When you're invited to a National Weigh-In Day, dedicated to inspiring people to shed or maintain their weight, and your first thought is "Wonder if they'll be serving food?" this is a sure sign that you need to confront your weight issues.
I've still got the pounds I put on when I had my kids; Max is 9, Sabrina is turning 7 next month. I am a master of procrastination: I'll start eating healthier and exercising more on Monday. Or Friday. Or when I finish this big project. Or after that big party. Or when it gets a little warmer. Or colder. Or when it's a lunar eclipse! Really, any excuse will do.
The Special K people, who sponsored the event and this post, want to help women focus on what will motivate them to take off pounds. I love the question they're asking: "What will you gain when you lose weight?" They're offering personalized plans to get people to reach their weight goals. While none of the plans involve machines that exercise you as you sleep, alas, they do involve eating the cereal, a childhood favorite of mine, and lots of fruit and veggies. There's also a My Special K app to help you shop and plan menus.
At the event, I stepped up to the "Weigh-In." Mercifully, my weight did not pop up on a screen in the middle of Grand Central Station (dying of embarrassment is not a recommended way to solve your weight problem). Instead, a motivating word appeared: energy. Thing is, I already have plenty of that, though I sure wish someone would buy me a speedier metabolism.
One helpful way to appear slimmer: blurry photos.
The top three emotional reasons women want to lose weight are happiness, confidence, and a sense of achievement, according to a Special K survey of women ages 25 to 54 around the country. Other inspirations: fitting into old clothes, healthier eating habits and living a more active lifestyle.
Nope, nope, nope. Nada. Negative. Nyet. None of those are major motivations for me. All week, I kept pondering what might spur me to shed pounds. Then last night, as I was reading Max a bedtime story, I absentmindedly ran my finger over his foot and he giggled. "Mooooore!" he said. So I tickled his neck, and he cracked up. And then I reached under his Cars 2 pajama shirt and tickled his belly, and he made his joyous Max squeal that I can't describe except to say, nothing can be wrong in the world when I hear that sound.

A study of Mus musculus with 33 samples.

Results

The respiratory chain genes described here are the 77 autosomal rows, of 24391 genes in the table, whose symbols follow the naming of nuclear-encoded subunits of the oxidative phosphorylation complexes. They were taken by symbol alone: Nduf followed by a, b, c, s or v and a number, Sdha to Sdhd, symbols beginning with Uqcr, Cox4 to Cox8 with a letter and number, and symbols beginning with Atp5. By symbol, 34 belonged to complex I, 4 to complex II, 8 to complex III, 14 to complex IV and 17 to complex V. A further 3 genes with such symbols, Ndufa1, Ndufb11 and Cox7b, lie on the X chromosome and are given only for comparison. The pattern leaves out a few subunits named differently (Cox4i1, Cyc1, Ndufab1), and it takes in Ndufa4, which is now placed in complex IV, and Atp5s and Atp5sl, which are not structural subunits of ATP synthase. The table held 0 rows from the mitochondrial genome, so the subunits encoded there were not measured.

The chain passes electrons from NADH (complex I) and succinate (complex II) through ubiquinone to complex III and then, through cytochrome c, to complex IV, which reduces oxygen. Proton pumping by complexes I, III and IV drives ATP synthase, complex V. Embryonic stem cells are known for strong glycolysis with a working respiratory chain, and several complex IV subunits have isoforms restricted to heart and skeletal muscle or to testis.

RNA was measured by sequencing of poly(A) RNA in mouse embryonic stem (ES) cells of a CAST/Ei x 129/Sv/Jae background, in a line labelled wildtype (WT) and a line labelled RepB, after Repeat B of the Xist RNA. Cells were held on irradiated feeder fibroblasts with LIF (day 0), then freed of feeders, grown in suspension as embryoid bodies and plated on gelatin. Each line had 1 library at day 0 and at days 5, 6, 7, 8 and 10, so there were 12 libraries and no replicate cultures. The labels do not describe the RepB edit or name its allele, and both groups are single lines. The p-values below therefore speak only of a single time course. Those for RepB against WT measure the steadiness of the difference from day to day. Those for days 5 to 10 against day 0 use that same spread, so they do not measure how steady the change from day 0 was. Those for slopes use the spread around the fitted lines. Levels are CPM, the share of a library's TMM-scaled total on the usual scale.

As we lay there, both of us laughing, I realized my motivation has been staring me in the face all along: Max. I need to be at my healthiest so I'll be around to care for him for a long time. Sabrina too, of course. But Max is the one who's going to need me most.
The next time I reach for the chips at 11:00 p.m. or feel like skipping the gym, I am going to think back to our ticklefest. I want to hear that squeal of his for many years to come. Maybe I'll tape some photos of the kids to the inside of our pantry door; it would be hard to snarf down a Yodel with Max and Sabrina staring me in the face.
The first question you get when you choose the "Achieve a Goal Weight" plan at Special K is: "What positive change are you hoping for, besides slimming down?"
What I typed: "I want to be healthier so I'll be there for my son for as long as is humanly possible."
How about you: If you've had success losing weight, what's motivated you? Or if you've struggled to find your motivation, what do you think might help?